Last week, a U.S. District Court in Massachusetts held that the federal Defense of Marriage Act is unconstitutional in preventing same-sex couples from filing joint tax returns and receiving various government benefits such as Social Security, saying it infringes on a state’s right to define marriage.

In 2009, Gay & Lesbian Advocates & Defenders filed a lawsuit against the Obama administration's Office of Personnel Management on behalf of eight married couples and three widowers from Massachusetts who were denied federal spousal rights and benefits because of DOMA. The 2006 federal law defines marriage as between a man and woman and refers to the word “spouse” as a member of the opposite sex who is a husband or wife.

U.S. District Judge Joseph Tauro ruled last Thursday that Massachusetts has the authority to recognize same-sex marriages and give same-sex couples the same rights, benefits and privileges as heterosexual couples. The 1996 federal law “intrudes on a core area of state sovereignty,” Tauro ruled.

Sullivan & Worcester LLP’s Richard Jones and David Nagle served as tax counsel on the case. I talked with them about the tax implications.

“There were a handful of plaintiffs in this case,” said Jones. “Some of them have different types of federal benefits that do not obtain as a result of DOMA because they were in a same-sex marriage. They were married under Massachusetts law, but under DOMA for federal tax purposes they were required to file as single individuals and not permitted to file joint returns.”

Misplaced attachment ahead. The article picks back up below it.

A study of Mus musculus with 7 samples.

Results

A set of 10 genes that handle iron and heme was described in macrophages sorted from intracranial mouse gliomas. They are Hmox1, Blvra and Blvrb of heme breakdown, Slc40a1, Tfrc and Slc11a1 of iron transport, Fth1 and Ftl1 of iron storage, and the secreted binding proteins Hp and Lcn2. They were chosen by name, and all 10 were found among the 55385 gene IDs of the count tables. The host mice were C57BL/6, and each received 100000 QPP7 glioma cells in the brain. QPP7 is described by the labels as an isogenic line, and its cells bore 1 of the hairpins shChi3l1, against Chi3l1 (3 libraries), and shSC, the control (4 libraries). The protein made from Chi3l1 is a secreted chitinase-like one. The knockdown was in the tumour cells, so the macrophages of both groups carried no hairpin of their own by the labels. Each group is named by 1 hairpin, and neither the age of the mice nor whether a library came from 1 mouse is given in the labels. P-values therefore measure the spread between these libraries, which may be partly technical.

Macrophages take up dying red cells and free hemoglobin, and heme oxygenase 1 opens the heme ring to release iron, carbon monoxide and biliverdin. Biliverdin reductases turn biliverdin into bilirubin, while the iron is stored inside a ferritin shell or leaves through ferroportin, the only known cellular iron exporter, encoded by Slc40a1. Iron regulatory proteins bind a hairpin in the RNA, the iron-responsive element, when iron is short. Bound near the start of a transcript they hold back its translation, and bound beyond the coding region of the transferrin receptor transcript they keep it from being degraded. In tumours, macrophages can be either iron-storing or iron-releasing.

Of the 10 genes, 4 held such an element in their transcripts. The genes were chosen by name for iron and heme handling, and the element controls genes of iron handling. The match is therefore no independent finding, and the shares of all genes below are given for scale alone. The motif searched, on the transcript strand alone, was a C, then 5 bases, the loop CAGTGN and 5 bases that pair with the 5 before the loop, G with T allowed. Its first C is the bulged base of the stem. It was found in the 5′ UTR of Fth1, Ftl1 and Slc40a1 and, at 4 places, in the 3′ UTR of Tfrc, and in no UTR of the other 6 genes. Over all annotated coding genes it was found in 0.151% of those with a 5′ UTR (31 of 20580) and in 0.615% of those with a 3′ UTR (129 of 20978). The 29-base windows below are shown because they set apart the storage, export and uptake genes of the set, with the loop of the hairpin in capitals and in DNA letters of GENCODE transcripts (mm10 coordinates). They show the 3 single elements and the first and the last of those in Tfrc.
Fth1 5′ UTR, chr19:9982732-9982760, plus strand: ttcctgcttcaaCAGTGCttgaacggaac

Nagle said that plaintiffs in other states that recognize same-sex marriage might also benefit from the decision, especially if their taxes would be lower on a joint return, as was the case with the plaintiffs. “Each of them would have owed less in federal taxes for filing the joint returns, which is why they had a claim,” he said.

“The plaintiffs filed amended returns in which they openly stated that they were challenging the constitutionality of the Defense of Marriage Act,” added Jones.

Nagle pointed out the decision could also affect other types of taxes besides income taxes. “The arguments likely apply to estate and gift taxes,” he said. “Regardless of how this case cuts, there is planning to be done. There always has been planning [needed] for same-sex couples because some of the same rules do not apply to them.”

Both attorneys anticipate the federal government will appeal Judge Tauro’s ruling. Tauro also ruled last Thursday against the constitutionality of DOMA in a separate case, saying it violates the Constitution’s equal protection clause, and that ruling may be appealed as well.